Clinton, S.C., Wednesday, May 29, 2013, 10:37 a.m.
Last night I watched Steve McQueen in “Bullitt.” Remember when actors didn’t talk so much? Clint Eastwood is the last one standing, I guess.
McQueen epitomized 1960s cool. I don’t think anyone now matches McQueen, but Brad Pitt wishes he did. He has aspirations.
Then again, this is a more talkative age. Maybe actors talk too much because people talk too much. I do not exclude myself from the indictment.
My sister Dee Dee would’ve turned 50 today. She died last summer. I was talking to my mother yesterday, and it occurred to me that a sister and two close friends have died at either 49 or 50.
This morning’s revelation: John F. Kennedy’s birthday was also May 29.
The funniest thing on TV is the small print in the pharmaceutical ads.
I finally memorized the words to a song, “Scuppernongs and Muscadines,” I wrote several months ago.
I wrote a new song, too. “All I Ever Did Was Hurt.” As you may suspect, it’s not a feel-good tune. It’s the kind of song one would memorize while drinking, and that’s not a good way to memorize.
I’ll provide more details soon, but suffice it to say I will be appearing in Winchester, Va., on June 22, and in the Philadelphia area on June 29. I’ll talk about my novel, The Audacity of Dope, preview my next, The Intangibles, and perform some songs. I’ll sign books if I do my job well enough that you want to buy them.
The Virginia appearance is at the Winchester Book Gallery and will begin at 5:30 p.m. (that’s a Saturday). It begins with a reading from The Audacity of Dope, followed by a musical performance. I’ll perform songs from the novel, the lyrics of which are scattered through the book.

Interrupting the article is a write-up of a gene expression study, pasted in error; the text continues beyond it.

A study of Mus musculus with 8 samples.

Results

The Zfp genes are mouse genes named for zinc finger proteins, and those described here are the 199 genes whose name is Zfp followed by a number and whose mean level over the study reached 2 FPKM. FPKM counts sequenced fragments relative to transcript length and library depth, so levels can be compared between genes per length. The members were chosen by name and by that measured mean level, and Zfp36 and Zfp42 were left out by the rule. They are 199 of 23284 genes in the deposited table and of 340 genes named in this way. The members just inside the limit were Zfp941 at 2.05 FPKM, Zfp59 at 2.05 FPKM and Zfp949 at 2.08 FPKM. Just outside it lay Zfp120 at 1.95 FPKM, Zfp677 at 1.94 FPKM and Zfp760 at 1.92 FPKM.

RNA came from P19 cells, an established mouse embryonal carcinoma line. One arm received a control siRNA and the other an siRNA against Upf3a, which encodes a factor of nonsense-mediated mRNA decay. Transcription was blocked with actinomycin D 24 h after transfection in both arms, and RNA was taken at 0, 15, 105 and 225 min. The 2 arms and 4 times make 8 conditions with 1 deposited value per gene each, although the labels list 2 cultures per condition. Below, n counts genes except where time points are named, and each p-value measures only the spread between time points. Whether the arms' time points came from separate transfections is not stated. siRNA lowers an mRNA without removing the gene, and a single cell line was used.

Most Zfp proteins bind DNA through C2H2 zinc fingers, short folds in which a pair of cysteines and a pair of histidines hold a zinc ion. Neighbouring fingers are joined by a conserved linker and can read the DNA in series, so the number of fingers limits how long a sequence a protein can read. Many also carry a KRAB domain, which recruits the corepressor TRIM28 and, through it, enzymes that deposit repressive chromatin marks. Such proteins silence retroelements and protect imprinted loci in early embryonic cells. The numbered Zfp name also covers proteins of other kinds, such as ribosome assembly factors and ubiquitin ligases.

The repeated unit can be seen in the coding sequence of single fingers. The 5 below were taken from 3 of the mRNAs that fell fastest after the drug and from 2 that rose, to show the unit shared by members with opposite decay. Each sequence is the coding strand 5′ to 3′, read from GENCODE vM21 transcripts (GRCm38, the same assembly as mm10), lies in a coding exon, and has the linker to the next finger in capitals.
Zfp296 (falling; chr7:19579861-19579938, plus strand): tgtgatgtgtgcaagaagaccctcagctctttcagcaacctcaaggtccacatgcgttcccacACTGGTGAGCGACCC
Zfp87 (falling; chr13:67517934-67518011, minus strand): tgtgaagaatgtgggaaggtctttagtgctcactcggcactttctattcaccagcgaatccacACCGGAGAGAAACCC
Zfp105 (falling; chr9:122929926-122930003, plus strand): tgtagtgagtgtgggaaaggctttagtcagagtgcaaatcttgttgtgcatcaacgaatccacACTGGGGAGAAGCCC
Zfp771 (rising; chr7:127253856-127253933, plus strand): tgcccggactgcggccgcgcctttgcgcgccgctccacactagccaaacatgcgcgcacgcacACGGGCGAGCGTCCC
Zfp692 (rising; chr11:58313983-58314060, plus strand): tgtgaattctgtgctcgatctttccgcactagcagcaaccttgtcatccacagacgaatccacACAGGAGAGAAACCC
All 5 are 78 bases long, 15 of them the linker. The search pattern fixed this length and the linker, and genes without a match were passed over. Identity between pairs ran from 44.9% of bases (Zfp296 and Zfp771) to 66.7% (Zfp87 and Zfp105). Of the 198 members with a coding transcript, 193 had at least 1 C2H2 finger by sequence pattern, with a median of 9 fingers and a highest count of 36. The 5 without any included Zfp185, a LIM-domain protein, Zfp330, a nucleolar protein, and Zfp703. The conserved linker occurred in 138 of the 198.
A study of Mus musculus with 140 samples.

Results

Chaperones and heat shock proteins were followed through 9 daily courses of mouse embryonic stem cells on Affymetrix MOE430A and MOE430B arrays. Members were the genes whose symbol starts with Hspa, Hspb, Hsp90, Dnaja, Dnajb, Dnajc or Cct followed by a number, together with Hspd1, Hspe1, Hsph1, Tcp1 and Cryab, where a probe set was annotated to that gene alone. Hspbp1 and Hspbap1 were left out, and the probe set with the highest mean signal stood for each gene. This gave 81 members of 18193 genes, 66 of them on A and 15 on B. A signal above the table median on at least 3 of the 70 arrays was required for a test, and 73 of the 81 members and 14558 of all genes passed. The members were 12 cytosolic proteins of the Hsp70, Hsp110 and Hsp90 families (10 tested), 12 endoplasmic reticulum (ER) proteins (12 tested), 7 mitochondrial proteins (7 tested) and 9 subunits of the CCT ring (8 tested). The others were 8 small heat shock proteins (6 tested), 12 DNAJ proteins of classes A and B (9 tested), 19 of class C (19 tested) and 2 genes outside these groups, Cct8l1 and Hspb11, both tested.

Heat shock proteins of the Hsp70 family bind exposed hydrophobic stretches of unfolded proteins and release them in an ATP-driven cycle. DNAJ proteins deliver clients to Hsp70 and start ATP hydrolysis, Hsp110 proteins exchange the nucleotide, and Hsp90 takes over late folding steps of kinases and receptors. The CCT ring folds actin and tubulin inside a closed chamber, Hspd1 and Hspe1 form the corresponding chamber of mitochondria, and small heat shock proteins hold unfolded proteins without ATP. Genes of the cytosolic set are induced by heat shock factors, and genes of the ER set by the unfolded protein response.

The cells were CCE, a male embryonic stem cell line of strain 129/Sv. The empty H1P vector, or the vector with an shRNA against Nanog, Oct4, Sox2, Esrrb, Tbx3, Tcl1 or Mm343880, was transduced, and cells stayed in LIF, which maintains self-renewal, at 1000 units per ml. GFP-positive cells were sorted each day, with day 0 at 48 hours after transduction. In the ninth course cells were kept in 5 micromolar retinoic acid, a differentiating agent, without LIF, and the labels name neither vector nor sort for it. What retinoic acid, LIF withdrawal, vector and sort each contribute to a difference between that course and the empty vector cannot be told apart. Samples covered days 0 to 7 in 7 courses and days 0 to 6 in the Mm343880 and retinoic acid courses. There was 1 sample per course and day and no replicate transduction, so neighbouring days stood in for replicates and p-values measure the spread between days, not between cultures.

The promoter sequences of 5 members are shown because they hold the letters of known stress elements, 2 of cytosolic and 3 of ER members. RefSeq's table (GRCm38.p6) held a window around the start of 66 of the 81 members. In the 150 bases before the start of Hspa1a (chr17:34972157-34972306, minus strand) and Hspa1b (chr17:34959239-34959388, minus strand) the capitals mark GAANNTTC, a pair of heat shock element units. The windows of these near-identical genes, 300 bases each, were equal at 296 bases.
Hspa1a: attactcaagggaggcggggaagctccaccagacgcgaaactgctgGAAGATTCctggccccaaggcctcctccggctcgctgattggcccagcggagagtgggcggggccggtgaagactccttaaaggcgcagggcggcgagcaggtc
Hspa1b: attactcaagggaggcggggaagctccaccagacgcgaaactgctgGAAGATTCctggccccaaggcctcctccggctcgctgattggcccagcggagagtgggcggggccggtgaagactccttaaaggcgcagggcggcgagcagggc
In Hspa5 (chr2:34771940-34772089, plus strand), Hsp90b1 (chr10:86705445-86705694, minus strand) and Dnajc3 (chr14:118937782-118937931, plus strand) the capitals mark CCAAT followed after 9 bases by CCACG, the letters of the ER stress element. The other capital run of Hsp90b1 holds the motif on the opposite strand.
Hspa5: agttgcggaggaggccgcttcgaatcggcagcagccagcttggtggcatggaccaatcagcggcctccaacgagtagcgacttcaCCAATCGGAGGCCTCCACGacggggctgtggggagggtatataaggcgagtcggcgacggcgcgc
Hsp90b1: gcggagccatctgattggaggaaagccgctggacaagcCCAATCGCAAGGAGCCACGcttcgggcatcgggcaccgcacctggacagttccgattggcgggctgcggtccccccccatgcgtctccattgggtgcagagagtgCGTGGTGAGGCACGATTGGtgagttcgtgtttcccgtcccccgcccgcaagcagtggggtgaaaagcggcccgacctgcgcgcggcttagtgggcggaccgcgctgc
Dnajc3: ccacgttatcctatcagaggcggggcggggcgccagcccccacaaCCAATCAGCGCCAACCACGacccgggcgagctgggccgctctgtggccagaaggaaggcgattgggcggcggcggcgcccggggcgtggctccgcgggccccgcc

Circle the dates. I’ll be following up with more information about my version of what NASCAR once called “the Northern Tour.”
If a rumor is flying, and no one will deny it on the record, it’s true.
In decades of journalism, I’ve known few, if any, exceptions to this rule.
Most people who go out of their way to be confrontational have something to hide.
The truth is never more apparent than when being vehemently denied.
Football coaches often remind me of generals. Basketball coaches often remind me of car salesmen.
No good comes from reaching the point in life where you think the world owes you something. It’s the beginning of the end. You’ve got to work your way from the cradle to the grave, and that’s just the way it is.
Never trust a man who seems obsessed with appearing younger than he is. I call this the John Edwards Rule. He’s not the first, though.
I guess I’m building my own set of Intangibles.
When I was in high school, we referred to the slogans on the locker-room walls as “the Intangibles.” It’s the origin of the title of my next novel, which is scheduled for publication in November.
I had to write a novel. I don’t have a locker room.